While the motor may be the source that actually propels an electric vehicle, the battery pack is its virtual heart and soul. If you’re in the market for a new or used EV, you’ll want to pay attention to the battery’s specs and be aware of other aspects that will ultimately affect its performance.
Electric vehicles use lithium-ion batteries of various designs, similar to those used in cell phones and laptop computers, only on a much larger scale. Lithium-ion batteries have a high energy density and are less likely than other types of batteries to lose their charge when not being used.
An EV’s battery capacity is expressed in terms of kilowatt-hours, which is abbreviated as kWh. More is better here. Choosing an EV with a higher kWh rating is like buying a car that comes with a larger gas tank in that you’ll be able to drive for more miles before needing a fill-up. But be aware that because of the way EVs work, you’ll never actually have access to the full battery capacity. That’s because the car’s management system prevents the battery from either becoming 100 percent fully charged or 100 percent discharged to preserve its efficiency and extend its usable life.
Battery capacities of current EVs range from a mere 17.6 kWh in the Smart EQ ForTwo with a range of just 58 miles, up to 100 kWh in the Tesla Model S and Model X that can run for over 300 miles before needing a charge.
Perhaps the most critical factor to consider when shopping for an EV is the battery’s estimated range on a full charge, as rated by the Environmental Protection Agency.
As with conventionally powered cars, EVs are tested for both their operating range and energy consumption under controlled conditions in a laboratory. They’re “driven” on a dynamometer, which is like a treadmill for cars, using multiple standardized driving schedules to simulate city and highway motoring. An EV begins testing with the battery fully charged, and is operated until it becomes fully depleted.
However, an EV’s actual range on charge can vary according to a number of factors:
i) Lead-footed acceleration and driving at higher speeds will tend to use more kWh than would more mannerly around-town motoring.
ii)The battery will also drain at a quicker rate when operating with a full load of passengers and cargo. All else being equal, a heavier vehicle will consume more energy to reach and maintain a given speed than will a lighter one.
iii) An EV’s state of charge will dwindle more quickly in extremely cold or hot weather. Frigid temperatures, in particular, can substantially hamper both a battery’s performance and its ability to accept a charge.
iv)What’s more, while gasoline engines generate large amounts of heat that can be harvested to warm a car’s interior, an EV’s climate control system relies solely on battery power.
A recent study found that when the mercury dips to 20°F and the vehicle’s heater is in use, an average EV’s range drops by 41 percent. That means a model that’s rated to run for 150 miles in combined city/highway driving would only be able to muster around 88 miles on a charge. The same study determined that when outside temperatures hit 95°F and air conditioning is in use, an EV’s range will drop by an average of 17 percent.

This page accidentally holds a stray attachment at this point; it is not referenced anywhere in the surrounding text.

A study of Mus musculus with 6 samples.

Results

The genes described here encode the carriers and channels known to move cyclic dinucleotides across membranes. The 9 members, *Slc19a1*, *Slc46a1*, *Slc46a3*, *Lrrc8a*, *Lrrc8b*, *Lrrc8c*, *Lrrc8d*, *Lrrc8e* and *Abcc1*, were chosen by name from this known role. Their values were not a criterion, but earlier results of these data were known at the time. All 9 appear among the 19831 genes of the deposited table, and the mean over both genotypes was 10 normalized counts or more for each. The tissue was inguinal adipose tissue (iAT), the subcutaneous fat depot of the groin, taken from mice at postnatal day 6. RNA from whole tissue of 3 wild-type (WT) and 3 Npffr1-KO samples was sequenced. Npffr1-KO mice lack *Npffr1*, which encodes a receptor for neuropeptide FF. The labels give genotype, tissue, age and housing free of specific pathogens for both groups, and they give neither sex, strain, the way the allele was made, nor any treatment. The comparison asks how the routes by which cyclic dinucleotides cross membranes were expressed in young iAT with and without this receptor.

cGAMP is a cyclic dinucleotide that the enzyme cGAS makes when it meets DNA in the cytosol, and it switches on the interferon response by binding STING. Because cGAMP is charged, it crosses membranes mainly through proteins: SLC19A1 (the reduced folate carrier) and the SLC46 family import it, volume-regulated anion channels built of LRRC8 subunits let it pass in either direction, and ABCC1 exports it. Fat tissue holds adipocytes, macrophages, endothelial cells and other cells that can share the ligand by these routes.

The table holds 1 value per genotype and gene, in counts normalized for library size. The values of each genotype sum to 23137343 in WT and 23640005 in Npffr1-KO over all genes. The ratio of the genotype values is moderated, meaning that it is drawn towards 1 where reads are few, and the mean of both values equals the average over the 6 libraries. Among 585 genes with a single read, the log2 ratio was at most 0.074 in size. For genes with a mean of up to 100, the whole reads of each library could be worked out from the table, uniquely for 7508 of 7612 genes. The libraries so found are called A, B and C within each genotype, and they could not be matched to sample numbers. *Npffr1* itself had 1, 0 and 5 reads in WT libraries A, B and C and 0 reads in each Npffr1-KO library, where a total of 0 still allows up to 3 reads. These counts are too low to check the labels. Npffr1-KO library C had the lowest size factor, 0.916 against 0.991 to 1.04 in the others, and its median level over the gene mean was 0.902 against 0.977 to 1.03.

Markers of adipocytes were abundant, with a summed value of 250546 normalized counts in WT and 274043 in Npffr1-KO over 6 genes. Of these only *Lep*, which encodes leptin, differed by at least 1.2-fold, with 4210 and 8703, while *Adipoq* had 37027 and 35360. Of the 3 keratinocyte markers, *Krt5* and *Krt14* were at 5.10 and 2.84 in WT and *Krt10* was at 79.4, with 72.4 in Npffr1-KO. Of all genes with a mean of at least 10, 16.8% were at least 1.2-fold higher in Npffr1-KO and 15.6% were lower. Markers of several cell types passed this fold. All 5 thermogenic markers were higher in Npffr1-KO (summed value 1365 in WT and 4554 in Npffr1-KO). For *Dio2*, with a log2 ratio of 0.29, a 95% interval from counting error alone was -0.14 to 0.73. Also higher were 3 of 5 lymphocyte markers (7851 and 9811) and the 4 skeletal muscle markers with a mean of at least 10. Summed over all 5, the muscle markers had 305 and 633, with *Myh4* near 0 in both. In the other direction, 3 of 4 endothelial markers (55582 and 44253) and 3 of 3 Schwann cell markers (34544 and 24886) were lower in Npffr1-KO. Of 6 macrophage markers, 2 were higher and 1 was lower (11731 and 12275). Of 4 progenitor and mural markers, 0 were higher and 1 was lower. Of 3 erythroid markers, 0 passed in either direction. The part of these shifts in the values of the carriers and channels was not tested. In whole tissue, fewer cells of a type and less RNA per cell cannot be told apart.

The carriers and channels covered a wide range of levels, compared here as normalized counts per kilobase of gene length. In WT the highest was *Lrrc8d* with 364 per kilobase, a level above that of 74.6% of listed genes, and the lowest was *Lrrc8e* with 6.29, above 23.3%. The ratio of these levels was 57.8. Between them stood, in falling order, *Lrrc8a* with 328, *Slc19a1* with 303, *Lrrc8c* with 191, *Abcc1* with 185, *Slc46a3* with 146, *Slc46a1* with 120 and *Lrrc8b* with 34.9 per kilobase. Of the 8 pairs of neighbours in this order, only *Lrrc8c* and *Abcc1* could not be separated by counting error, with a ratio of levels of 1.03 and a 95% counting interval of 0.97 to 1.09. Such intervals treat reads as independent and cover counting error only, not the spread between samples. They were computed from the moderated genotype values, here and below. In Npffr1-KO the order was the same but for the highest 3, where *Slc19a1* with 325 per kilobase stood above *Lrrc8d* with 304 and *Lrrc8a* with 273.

Charging An EV’s Battery
Most electric vehicle charging is done at home, either via a conventional 120-volt circuit (known as Level 1 charging) or a dedicated 240-volt line (Level 2 charging). Depending on the vehicle’s battery capacity it can take anywhere from eight hours to more than 16 hours to achieve a full charge using Level 1 charging.
Though it will cost a few hundred dollars to have an electrician install 240-volt service in your garage, it will pay off in terms of charging times as short as four hours. If your energy provider offers a discount for electricity tapped during off-peak hours, you can save money by scheduling a charge in the middle of the night.
There is an even quicker alternative, called Level 3 charging, though it’s limited to a small, growing, system of public charging stations. Also referred to as DC Fast Charging, it can bring an EV’s battery up to 80 percent of its capacity in as little as 30 minutes, depending on the vehicle.
However, that an EV’s battery will take longer to replenish in cold weather than it will at warmer temperatures, no matter which level of charging is being used.
Unfortunately, all-electric vehicle batteries will degrade somewhat over time and lose a bit of their ability to maintain a full charge. This is not as dire a warning as it sounds, however. According to the organization Plug In America, the average Tesla Model S loses only 2.3 miles of range for every 10,000 miles driven. Tesla itself reports that in controlled testing its batteries retained 80 percent of their range after running for a simulated 500,000 miles. Shorter-range EVs, on the other hand, may suffer added deterioration, as draining most or all of a battery’s charge on a regular basis will tend to cut into its capacity more quickly over time.
On the plus side, federal regulations require that an EV’s battery pack, which can cost thousands of dollars to replace, be covered under warranty for at least eight years or 100,000 miles. whichever comes first. For its part, Hyundai extends this to lifetime coverage on the Kona Electric, while Kia bumps it up it to 10 years or 100,000 miles on the Niro and Soul EV models. However, every EV warranty contains exceptions with regard to battery life. For example, some automakers only cover the battery pack against total failure, while others, including BMW, Chevrolet, Nissan, Tesla (Model 3) and Volkswagen will replace it if it falls to a specified capacity percentage while under warranty, which is usually 60–70 percent.
Finally, if you’re buying or selling a used EV, keep in mind that any remaining part of the battery’s original warranty will transfer to a subsequent owner.